In a residential suburb of Colombo is a reservoir bordered by greenery and enriched with avifauna: Thalangama in Pelawatte is an oasis of calm.
Words Roomini Wijayarathne
Photographs Vishwathan Tharmakulasingham
The drizzle that recurrently impeded the Colombo mornings was absent on that day at dawn. The sky was steely grey, with a patch of pale gold illuminating the eastern horizon. The world was still slumbering, but an orchestra of bird songs permeated the crisp air. It was 45 minutes past five, and we were at the Thalangama Tank, slightly shivering in the cool morning breeze that blew our way, rippling the quiet waters.
We were standing at a small islet that was barricaded at the outer edge by a weather-beaten sluice gate. When open, the sluice gate provided water to the vast expanse of paddy fields beyond our line of sight.
Our focus was on a pole that stood tall, several feet from the bund, in the shallow water of the tank. Its presence was puzzling, but what drew our attention was a common kingfisher sitting atop, its azure wings glistening in the pale morning light. We guessed, correctly, that it was waiting for a prey, but what we did not expect was for another kingfisher to swoop in to the same spot. What ensued could only be described as a fight for the best hunting spot. Both took flight soon after, and we decided to take a walk on the gravel road that encircled the tank.
The surface of the tank was covered in deep green lily pads. Dew glittered on the circular leaves, creating a sight that was simply enchanting. Red water lilies bloomed sporadically, and flocked around them were many whistling ducks, gliding gracefully. Along the bank, among the weed that grew, a pair of dragonflies, elusive adjutants, flew about, their flimsy golden wings fluttering in haste.
We stood awhile at the semi-circular spillway of the tank, relishing the loud monotony of water splashing down the miniature levee.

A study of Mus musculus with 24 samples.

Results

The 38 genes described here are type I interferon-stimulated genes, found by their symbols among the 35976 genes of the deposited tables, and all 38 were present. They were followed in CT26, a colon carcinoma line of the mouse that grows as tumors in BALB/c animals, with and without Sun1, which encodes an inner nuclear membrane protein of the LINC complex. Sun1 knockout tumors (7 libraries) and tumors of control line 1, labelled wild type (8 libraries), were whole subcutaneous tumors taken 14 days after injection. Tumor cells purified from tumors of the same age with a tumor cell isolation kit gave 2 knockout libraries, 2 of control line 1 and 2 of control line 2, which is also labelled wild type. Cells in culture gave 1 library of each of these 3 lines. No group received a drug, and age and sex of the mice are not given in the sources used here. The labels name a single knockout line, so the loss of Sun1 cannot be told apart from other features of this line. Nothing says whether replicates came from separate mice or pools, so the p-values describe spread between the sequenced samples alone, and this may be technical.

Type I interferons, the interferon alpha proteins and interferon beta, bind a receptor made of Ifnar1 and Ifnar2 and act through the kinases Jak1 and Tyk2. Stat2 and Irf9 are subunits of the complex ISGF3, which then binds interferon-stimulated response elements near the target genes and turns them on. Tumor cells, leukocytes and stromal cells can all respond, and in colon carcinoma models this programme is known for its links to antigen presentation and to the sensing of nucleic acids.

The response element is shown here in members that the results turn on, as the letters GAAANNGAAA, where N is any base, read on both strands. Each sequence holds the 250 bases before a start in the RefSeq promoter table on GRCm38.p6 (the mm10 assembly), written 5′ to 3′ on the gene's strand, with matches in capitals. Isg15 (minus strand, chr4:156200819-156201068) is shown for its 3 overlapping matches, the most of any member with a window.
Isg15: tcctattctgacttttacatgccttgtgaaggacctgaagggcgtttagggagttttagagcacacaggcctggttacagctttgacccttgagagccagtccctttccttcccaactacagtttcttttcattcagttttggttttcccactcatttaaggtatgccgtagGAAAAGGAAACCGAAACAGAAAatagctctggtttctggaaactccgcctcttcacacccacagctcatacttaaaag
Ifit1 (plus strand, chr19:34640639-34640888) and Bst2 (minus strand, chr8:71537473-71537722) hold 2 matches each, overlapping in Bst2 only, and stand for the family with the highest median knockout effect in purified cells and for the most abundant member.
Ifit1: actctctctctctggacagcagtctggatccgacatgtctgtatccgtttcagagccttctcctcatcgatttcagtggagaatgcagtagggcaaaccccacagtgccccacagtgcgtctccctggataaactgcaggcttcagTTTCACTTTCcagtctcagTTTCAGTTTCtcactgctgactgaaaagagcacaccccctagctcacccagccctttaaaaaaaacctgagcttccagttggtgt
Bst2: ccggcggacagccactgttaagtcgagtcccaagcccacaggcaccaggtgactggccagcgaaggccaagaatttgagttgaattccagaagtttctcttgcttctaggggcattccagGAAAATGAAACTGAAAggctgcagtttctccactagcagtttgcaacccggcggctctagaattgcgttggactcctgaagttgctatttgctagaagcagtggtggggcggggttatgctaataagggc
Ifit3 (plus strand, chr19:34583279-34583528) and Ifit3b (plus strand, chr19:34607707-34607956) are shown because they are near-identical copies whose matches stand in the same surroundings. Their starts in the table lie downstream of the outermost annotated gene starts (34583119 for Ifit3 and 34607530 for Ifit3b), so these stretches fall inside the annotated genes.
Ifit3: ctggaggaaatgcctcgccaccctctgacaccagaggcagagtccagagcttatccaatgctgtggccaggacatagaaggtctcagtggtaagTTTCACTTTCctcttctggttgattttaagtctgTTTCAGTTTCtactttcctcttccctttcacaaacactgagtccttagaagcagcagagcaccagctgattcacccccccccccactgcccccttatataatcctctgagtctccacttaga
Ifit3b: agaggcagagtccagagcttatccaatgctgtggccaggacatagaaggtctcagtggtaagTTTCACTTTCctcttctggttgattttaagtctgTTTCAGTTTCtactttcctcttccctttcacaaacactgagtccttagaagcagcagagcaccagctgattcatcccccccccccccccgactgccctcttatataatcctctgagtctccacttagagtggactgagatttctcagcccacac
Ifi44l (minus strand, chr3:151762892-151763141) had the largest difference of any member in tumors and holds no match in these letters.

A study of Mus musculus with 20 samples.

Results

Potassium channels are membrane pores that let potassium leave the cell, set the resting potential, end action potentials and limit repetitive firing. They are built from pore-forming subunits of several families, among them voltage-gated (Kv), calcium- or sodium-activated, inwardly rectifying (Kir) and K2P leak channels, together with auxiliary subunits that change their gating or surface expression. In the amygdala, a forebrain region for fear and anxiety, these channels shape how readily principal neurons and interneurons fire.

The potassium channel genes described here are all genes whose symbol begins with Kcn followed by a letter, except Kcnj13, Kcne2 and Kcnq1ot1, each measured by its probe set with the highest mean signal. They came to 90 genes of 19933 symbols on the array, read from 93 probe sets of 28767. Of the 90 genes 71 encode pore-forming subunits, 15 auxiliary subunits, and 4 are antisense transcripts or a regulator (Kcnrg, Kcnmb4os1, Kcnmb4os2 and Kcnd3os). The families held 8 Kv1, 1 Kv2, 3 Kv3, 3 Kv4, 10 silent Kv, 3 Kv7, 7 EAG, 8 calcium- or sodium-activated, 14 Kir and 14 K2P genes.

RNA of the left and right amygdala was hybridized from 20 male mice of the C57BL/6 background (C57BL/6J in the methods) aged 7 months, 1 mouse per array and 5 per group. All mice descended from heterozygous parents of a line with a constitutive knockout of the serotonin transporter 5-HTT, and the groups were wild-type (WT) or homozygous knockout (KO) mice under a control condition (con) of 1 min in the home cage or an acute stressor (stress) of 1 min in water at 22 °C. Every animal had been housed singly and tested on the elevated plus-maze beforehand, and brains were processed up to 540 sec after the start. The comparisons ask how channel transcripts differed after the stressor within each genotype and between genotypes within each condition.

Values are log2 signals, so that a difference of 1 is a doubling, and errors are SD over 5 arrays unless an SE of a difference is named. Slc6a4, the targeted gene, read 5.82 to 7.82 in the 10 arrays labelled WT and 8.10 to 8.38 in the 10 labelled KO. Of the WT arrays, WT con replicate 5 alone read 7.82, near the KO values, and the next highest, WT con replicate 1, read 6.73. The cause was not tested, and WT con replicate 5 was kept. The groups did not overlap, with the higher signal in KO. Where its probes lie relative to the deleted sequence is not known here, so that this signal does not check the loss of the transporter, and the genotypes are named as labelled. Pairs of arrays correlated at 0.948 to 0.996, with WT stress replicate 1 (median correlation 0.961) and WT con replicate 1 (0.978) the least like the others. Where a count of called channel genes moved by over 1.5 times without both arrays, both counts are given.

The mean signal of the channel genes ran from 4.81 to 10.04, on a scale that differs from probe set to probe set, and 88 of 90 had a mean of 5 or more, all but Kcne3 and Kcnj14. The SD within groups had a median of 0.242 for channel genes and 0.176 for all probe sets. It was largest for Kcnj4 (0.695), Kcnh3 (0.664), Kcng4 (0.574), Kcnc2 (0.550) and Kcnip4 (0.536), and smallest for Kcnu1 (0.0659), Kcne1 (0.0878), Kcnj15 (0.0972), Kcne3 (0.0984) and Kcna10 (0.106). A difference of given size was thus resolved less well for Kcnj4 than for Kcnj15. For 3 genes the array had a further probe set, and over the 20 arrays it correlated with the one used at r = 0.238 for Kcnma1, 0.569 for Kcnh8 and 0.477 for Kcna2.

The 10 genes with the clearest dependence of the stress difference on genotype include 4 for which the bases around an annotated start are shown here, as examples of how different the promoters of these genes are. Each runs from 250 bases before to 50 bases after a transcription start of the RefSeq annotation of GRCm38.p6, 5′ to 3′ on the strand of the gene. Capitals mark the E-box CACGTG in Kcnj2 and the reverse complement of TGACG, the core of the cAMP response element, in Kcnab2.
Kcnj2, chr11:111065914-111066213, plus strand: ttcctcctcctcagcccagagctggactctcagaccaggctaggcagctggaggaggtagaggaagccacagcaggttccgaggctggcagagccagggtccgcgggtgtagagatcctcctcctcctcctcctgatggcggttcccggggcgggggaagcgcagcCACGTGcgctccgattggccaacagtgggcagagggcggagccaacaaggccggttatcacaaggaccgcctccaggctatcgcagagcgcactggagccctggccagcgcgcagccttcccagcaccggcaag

Our attention was yet again diverted to a jacana, which was swiftly darting across the surface of the water. In the centre of the tank, in an oasis of lily pads, an entire colony of jacanas could be observed, some gliding, some walking on the water. Among them we spotted a few pond herons, little grebes, white-breasted water hens, impressing us with the diversity of the avifauna.
A lone yellow-billed babbler took off in flight as we approached the residential quarter of the beautiful neighbourhood.
We met a few joggers, and a couple of vehicles passed by. However, mostly, the area was devoid of any human presence.
To the southeast of the tank was an island entirely overgrown with aquatic flora: mangroves, poison nut and katu ikili (holy mangrove). Crowning the greenery of the mini-island was a large colony of open-billed storks. There were adults feeding the young chicks, and some basking in the sunrays that filtered through the mounds of heavy clouds. Their call was a cacophony rather than music to our ears, but we appreciated it; the call of the wild was always preferable to man-made noise. We noticed a water monitor stealthily gliding across the water towards the island; its morning hunt was probably due.
As the water body morphed into a wetland to the south of the tank, we spotted a moorhen carefully shifting its way through, and a cormorant flew across the marshland towards the tank. The diverse wetland was abundant with mangroves, brindleberry (Kana Goraka), as well as malabar melastome (Bovitiya) that bore violet flowers.
A rustling sound above alerted us to the presence of a leaf monkey which loped over the branches of a kumbuk tree, possibly sensing our gaze. A lone tortoise that was lounging on a solitary log in the middle of the water whisked off at an unbelievable speed that we barely managed to snap a picture.
On the grassland, a purple heron stood tall and vigilant, and a purple moorhen treaded carefully, looking for its breakfast, we assumed. In the tank, a spot billed pelican was gliding smoothly across the water; a rare sight indeed, since this particular species is Near Threatened.
Our morning stroll ended at the edge of the marshland, which spread over a vast expanse and made a home to scores of Sri Lankan and migrant birds. A must-visit for nature lovers and bird enthusiasts, Thalangama Tank and the encompassing wetland are an ideal escape from the bustling city life, conveniently located a 30-minute drive away from Colombo. The blissful serenity, the solitude and the charisma of unspoilt nature draw visitors to the Thalangama Tank. We headed back to the city, taking back the memories of pleasant solitude, vivified by the symphony of bird songs.